Wednesday, February 28, 2007

Is a Rich Man Always Guilty?

M. Gerald Schwartzbach, appellate lawyer for Robert Blake, filed a lengthy appellant opening brief with the California 2nd District Court of Appeals this morning on Blake’s behalf. It was a long time coming. The civil verdict was delivered November 2005, but Blake had to wait until the verdict was signed by Judge David M. Schacter before the appeal process could start. Schacter, due to health problems, was unable to sign the order until February 2006. In April 2006, Schwartzbach filed a motion for retrial based on juror misconduct and evidentiary objections. Schacter refused to grant a retrial, and gave no reasons for his decision.

In the following 11 months, Schwartzbach requested two extensions. He missed the last deadline, and the appeal would have been dismissed on March 5, 2007 had he not filed the brief today.

As stated previously in this blog, civil jurors perjured, coerced, and bribed before awarding the Bakley estate $30 million dollars, an award that, according to an Associated Press article, “mimicked” the OJ Simpson award. In fact, the Bakley family’s attorney, Eric Dubin, reinforced the Simpson and Jackson verdicts in the jurors’ minds. During the questioning of Dianne Mattson, Dubin asked if she knew her attorney had dealings with the Jackson family. During questioning of a Vitello’s waiter, Chris O'Brien, Dubin made a joke asking O'Brien if he had ever worked for Mezzaluna (the place Nicole Simpson dined before her murder). In closing arguments, Dubin made reference to “the duffle bag in the back of the car.”

It was apparent from court papers and reports that the jury held Blake to a different standard when they announced they wanted to send a message to “celebrities and rich people.”

But what will the Appeals court do? Only 30 percent or less of appeals are granted. An appeal must be argued on whether there were errors during the trial and whether those errors were sufficient to affect the outcome. There can be no doubt that jurors disobeyed the rules of the court. One juror didn’t disclose her daughter was convicted of murder and another juror used the Bible to justify his vote. They all admitted to talking about the case outside deliberations and there was some evidence that at least one juror discussed the case with her spouse. An alternate juror participated in the deliberations. All are grounds for overturning a verdict.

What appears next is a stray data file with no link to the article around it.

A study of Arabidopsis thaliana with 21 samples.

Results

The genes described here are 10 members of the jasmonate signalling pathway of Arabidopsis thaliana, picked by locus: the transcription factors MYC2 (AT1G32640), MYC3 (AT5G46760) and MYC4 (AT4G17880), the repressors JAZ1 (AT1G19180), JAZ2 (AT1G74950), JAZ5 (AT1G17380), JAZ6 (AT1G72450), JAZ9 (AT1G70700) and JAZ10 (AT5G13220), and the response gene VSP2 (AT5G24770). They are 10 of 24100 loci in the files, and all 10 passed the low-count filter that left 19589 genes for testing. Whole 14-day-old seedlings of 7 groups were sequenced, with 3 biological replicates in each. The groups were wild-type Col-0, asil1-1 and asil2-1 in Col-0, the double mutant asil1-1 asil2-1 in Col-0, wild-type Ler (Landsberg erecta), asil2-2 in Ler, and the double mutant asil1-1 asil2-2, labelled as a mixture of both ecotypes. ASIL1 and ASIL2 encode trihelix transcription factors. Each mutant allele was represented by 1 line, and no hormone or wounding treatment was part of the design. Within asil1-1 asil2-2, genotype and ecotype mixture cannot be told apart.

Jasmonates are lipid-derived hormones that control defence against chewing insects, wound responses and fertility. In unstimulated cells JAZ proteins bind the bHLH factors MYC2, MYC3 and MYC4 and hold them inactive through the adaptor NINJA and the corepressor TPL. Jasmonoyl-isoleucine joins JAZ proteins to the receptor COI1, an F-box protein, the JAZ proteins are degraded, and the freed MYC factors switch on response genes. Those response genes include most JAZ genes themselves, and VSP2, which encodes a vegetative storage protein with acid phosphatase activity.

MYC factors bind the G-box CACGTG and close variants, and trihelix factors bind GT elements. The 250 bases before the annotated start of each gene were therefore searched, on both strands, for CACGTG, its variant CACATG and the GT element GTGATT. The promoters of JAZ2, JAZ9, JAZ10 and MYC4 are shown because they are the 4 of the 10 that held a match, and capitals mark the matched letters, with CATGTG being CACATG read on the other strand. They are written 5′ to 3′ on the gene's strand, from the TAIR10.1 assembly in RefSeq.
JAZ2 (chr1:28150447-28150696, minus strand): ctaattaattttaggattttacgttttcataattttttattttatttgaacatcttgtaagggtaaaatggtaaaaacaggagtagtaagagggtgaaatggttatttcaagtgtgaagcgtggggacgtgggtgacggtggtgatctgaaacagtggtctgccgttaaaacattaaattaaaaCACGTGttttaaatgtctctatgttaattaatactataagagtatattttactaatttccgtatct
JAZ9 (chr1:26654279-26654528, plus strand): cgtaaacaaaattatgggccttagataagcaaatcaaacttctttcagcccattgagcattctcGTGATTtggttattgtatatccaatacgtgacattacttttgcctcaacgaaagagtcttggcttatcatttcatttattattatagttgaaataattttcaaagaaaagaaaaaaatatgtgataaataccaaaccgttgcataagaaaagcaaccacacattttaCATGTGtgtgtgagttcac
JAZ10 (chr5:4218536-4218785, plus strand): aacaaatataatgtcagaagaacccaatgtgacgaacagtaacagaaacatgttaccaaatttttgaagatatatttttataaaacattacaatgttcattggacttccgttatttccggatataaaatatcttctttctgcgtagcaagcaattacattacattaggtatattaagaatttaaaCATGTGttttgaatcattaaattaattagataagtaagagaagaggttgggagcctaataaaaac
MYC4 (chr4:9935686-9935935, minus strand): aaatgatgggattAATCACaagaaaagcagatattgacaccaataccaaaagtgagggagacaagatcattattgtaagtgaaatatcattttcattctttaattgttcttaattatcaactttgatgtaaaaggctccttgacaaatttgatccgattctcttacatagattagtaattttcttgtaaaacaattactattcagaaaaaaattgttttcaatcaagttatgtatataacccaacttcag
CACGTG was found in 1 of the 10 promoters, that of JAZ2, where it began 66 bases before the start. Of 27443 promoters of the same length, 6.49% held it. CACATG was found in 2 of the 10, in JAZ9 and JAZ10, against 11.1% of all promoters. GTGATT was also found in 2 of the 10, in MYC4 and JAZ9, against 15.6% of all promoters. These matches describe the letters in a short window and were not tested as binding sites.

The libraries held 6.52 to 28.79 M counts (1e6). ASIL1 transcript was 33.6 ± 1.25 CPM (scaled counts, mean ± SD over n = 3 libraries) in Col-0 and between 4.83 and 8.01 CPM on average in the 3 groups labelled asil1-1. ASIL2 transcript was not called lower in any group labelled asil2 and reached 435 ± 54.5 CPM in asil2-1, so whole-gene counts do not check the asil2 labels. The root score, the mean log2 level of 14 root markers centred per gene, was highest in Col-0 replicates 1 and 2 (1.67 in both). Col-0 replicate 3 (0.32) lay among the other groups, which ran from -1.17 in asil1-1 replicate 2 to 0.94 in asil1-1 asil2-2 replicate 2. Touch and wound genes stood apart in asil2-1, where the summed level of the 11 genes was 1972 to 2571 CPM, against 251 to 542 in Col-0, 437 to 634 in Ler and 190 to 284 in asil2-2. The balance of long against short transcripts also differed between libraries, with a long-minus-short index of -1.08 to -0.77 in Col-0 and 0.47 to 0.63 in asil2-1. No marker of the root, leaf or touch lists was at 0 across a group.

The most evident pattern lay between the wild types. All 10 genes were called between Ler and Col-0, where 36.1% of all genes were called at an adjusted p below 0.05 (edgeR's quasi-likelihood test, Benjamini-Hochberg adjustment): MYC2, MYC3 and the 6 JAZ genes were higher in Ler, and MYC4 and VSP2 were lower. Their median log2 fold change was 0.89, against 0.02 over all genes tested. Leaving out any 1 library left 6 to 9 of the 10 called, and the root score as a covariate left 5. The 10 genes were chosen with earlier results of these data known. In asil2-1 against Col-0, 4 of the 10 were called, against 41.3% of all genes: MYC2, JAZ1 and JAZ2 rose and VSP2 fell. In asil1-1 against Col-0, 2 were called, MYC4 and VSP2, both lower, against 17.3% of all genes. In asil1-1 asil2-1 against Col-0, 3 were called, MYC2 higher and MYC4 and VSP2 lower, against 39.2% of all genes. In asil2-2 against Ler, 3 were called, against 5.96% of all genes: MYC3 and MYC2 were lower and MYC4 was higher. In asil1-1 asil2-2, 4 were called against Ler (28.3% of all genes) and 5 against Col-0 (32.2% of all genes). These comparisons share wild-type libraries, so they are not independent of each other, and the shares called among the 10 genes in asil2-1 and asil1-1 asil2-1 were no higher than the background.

The “gotcha” in this is whether the Appeals court will decide whether the infractions affected the verdict. The decision of three justices is therefore subjective, and, like everyone else who didn’t sit in the Blake courtrooms, they heard “facts” over the past six years presented by a bias news media. A media that was given facts by dishonest police officers and unethical prosecutors. A media whose opinions were led by Nancy Grace and others who never set foot inside the courtroom.

The Appeals Court justices are not immune to public opinion. Will they be able to put aside what most people “think” is the truth? Will they be able to forget Blake as a celebrity and look at him as a man who might have been denied his Constitutional right to a fair trial? Those justices will have a tough job, a job just as tough as the criminal trial jurors. They were called “stupid” by Los Angeles District Attorney Steve Cooley who turned his back on evidence. They were chastised by the media and prosecutor Shellie Samuels, who said upon losing her case, that the jurors reached their decision because they watched too much CSI. They were “rebuffed” by civil jurors according to the LA Times, a newspaper that didn’t bother to print a recent Associated Press article about LAPD misconduct and wrongdoing in this case.

Will the Appellate court be able to uphold the law without prejudice? It is certain that the inaccurate facts about the case will be spewing out of the mouths of opinion journalists as the oral argument date gets closer and closer.

But Blake does have one ace in his court – Schwartzbach. He believes in the Constitution and he believes in his client’s innocence. Two beliefs that when he is in the courtroom are always heard loud and clear.